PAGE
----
Nick Corrigan, UK&I MD of Global Payments
While lockdown measures start to ease in the UK and non-essential shops, pubs and restaurants have been given the greenlight to gradually reopen, it would be remiss not to look back at the massive upheaval they have faced and how the future may not be the same as we once knew. In the face of real uncertainty, we have seen all kinds of merchants shift their business models, practically overnight, in order to maintain revenue streams and relationships with customers that they have worked so hard to build. You only have to look at the number of new restaurants on food delivery apps, the pubs that have served us takeaway pints when the sun has shone and even the B2B catering companies that have shifted to B2C models.
As a result of such changes, we’ve also witnessed payments habits change drastically too. With minimal contact payments a necessity in face-to-face settings, Barclaycard revealed it has processed over 25m contactless payments above £30 since the new £45 limit was introduced, with a total value of over £900m. It says that over 90% of face-to-face payments were made through the contactless method. This is something that is likely to continue as pub’s and restaurants all now have a duty to remain largely cashless as they start to reopen.
Leveraging the power of social
With many businesses having moved their offerings online, consumers have, in some ways, had more choice than ever when shopping online – be it for a takeaway or a home workout kit. As such, those organisations operating online have needed to explore new ways to connect with customers in order to keep their loyalty. One way in which merchants have been able to do this is through the power of social commerce. Many businesses already have a digital presence because of social media. And, the smaller a business is, the easier it is to connect with local customers through social media channels – ultimately setting the scene for a new way for them to purchase products.
To set the scene, the number of people online and active on social networks is at an all-time high. In fact, according to We Are Social and Hootsuite’s 2020 Global Digital Report, there are currently 4.54 billion internet users and 3.8 billion active social media users around the world. Couple that with the fact that 87% of online shoppers believe social media helps them decide what to buy, it’s clear that there’s immense revenue potential in online sales channels like social commerce. But what actually is social commerce and why can it help merchants as we continue to navigate these uncertain times?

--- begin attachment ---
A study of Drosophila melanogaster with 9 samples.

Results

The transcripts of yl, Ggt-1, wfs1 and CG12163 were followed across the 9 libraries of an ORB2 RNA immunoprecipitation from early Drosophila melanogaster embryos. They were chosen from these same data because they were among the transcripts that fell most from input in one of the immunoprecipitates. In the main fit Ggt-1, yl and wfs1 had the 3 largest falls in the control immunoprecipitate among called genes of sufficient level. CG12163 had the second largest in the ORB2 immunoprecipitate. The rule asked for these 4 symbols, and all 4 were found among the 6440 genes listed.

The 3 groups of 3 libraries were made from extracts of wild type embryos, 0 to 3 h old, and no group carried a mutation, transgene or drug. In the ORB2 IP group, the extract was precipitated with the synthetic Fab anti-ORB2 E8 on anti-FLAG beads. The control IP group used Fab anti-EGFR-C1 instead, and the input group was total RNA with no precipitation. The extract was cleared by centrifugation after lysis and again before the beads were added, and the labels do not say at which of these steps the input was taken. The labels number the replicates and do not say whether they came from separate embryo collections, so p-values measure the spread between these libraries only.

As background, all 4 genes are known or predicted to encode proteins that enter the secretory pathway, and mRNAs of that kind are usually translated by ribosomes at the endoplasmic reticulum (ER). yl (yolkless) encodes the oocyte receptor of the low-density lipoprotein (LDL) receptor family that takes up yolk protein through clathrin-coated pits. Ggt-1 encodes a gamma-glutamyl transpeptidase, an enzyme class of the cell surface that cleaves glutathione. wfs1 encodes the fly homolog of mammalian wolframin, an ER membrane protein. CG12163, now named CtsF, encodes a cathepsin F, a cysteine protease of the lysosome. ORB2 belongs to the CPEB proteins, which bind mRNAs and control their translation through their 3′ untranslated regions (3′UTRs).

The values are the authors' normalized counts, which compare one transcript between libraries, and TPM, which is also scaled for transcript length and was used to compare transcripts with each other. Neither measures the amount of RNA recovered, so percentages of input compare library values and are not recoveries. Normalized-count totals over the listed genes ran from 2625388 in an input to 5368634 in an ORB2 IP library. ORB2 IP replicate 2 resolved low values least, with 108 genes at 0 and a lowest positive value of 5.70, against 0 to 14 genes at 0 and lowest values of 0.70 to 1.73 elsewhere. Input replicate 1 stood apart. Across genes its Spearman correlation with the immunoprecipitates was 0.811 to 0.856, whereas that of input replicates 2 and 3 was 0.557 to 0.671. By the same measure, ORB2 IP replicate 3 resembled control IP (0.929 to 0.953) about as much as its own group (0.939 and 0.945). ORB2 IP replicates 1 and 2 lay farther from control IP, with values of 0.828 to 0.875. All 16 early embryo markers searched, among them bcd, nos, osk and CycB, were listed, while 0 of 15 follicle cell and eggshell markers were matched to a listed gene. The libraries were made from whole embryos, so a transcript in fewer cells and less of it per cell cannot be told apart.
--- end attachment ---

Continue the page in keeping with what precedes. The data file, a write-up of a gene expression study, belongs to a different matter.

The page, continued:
The benefits of evolving payment methods
The number of people using social media is skyrocketing and the figures show that during the pandemic, more and more people have turned to social media for social interaction. So much so that 25% of UK and US consumers say they’re now checking social media more than before the pandemic broke out. Social commerce responds to this growing trend, tapping into the fact that more and more of us are spending time on social media, allowing businesses to sell products and services directly through social networking platforms like Instagram, Facebook, Pinterest and more.
You might think this sounds like social media marketing, however, this differs because purchases are made directly on the social platforms themselves, instead of off-platform landing pages or websites. For consumers, this creates a frictionless purchasing experience for customers because they don’t have to start the buying process all over again on a new platform. For merchants, this presents the perfect opportunity to meet their social media followers, so they are not simply maintaining revenue, but understanding better who is buying their products and services.
One organisation who has seen the benefits of embracing social commerce is Kensington-based Bombay Brasserie. Open since 1982, it has been an iconic restaurant destination famed for its eclectic Bombay and Indian cuisine. Typically, guests looking for an authentic experience flock to its London location. But of course, lockdown measures meant that this was no longer possible. So, in place of being able to serve in the restaurant, Bombay Brasserie leveraged social commerce, which in their words “gave us the tools to trade efficiently and securely on our social media platforms”.
Social commerce is a true innovation for online businesses making the purchasing process for customers simple and efficient, and with the right payments partner, completely secure. At a time when we’re currently finding our way through the ‘new normal’, merchants can tap into a previously untouched revenue stream and reap the benefits through lockdown and beyond.